Is TPP in Peril?
Op-ed on VOX
Probably not. But at the moment, the fate of the Trans-Pacific Partnership (TPP) rests on the shoulders of just 28 House Democrats who voted for Trade Promotion Authority (TPA) on June 12, 2015. Pressure on these 28 Congressmen will be intense—like slabs of hot steel passing through a rolling mill. To explain why, we need to revisit the arcane legislative background.
Gary Clyde Hufbauer explains how manoeuvers in the US Congress have imperiled the passage of the Trans-Pacific Partnership and discusses next steps.
The TPP talks, which involve the United States, Japan, Canada, Mexico, and eight other nations, are close to finished. However, Japan and Canada have stated publicly, and other TPP countries have stated privately, that they will not put their best offers on the table until Congress enacts TPA, as this authority would prevent Congress from picking apart the final bargain. TPA, also known as "fast track," promises that both the House and the Senate will give trade deals negotiated by the president a speedy up-or-down vote, without amendments. TPA also enumerates 19 "priority negotiating objectives" and sets forth procedural guidelines.
In May 2015, the Senate passed its TPA bill, which—at the insistence of Senator Ron Wyden (D-OR), ranking member of the Senate Finance Committee, and other Democrats—also renewed a program that assists US workers displaced by trade (the Trade Adjustment Assistance [TAA] program). The Senate Republicans disdained the adjustment assistance as "just another entitlement," but they accepted TAA in the TPA bill for the greater good of reaching TPP.
House Republicans hold more visceral contempt for TAA. To placate this group, House Speaker John Boehner (R-OH) and House Ways and Means Committee Chairman Paul Ryan (R-WI) invoked the unusual procedure of "dividing the question." Retaining the same language as the Senate TPA bill, they permitted House members to vote separately on the TPA and TAA parts, with the understanding that both parts needed affirmative votes for the bill to reach President Obama's desk. Realizing that many fellow Republicans would vote against TAA, the two leaders counted on Democrats to pass the TAA part. After all, TAA had been part of trade legislation for 50 years at the insistence of Democrats.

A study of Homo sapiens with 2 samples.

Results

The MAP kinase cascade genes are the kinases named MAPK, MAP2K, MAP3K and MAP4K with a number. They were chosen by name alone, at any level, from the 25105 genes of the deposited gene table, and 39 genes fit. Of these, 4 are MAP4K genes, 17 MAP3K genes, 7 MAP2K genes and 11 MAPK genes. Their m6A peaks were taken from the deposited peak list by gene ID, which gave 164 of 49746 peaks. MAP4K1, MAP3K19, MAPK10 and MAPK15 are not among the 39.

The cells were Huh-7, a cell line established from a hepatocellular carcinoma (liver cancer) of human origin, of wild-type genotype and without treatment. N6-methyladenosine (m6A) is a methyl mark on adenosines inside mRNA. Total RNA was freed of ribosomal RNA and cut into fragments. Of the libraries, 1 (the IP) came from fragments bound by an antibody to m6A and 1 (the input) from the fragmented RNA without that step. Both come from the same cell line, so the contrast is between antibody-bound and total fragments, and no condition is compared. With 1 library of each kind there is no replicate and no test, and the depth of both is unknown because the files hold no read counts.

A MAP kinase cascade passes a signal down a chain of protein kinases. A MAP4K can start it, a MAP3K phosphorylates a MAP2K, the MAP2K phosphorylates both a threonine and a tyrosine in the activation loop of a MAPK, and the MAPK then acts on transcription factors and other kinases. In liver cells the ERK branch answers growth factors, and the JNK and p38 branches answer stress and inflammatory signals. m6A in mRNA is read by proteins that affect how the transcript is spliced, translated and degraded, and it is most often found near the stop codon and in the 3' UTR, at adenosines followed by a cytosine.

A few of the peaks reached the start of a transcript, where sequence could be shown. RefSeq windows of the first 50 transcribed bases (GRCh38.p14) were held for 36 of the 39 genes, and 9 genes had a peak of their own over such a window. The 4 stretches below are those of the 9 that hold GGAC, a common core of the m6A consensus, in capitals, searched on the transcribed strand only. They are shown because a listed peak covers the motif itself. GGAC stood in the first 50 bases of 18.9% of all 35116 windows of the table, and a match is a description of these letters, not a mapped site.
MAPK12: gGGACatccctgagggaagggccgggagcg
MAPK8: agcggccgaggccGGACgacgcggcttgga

AFL-CIO President Richard Trumka, a determined opponent of TPP, then pulled a manoeuver worthy of Machiavelli. He called on House Democrats to vote against TAA, knowing that a negative vote would derail TPA and possibly shut down TPP. Even though TAA would benefit their constituents, only 40 House Democrats voted for the TAA part. It was defeated, 126 to 302. Just 86 House Republicans, out of 244 Republican members, voted for TAA.
Of the 40 House Democrats who voted for TAA, 28 voted for the TPA part; together with 191 Republicans, the TPA part passed 219 to 211. But without the TAA part the entire House bill goes nowhere.
Speaker Boehner will call for a "reconsideration" vote on TAA this week. Over the weekend, the US Chamber of Commerce and the Business Roundtable might have succeeded in beating sense into the 150-odd Republicans who voted against TAA. If so, the House bill—identical to the Senate TPA bill—will reach President Obama. Republicans will still savor the sight of Obama "humiliated" by his own party. But the tempest will end, and TPP talks can roll to a conclusion. The stage will be set for the next big Congressional drama: ratification of TPP, probably in October or November, just prior to the APEC Summit in the Philippines.
If Boehner's "reconsideration" gambit fails, the Speaker will turn to "plan B": a vote on TPA alone, without TAA. This is where the 28 Democrats who voted for TPA will be crucial. Without their votes, TPA will fail, TPP talks will crumble, and the grand Trans-Pacific Partnership, like the Free Trade Agreement of the Americas of the 1990s, will be tossed into the dustbin of history. To recall Winston Churchill, "[n]ever was so much owed by so many to so few."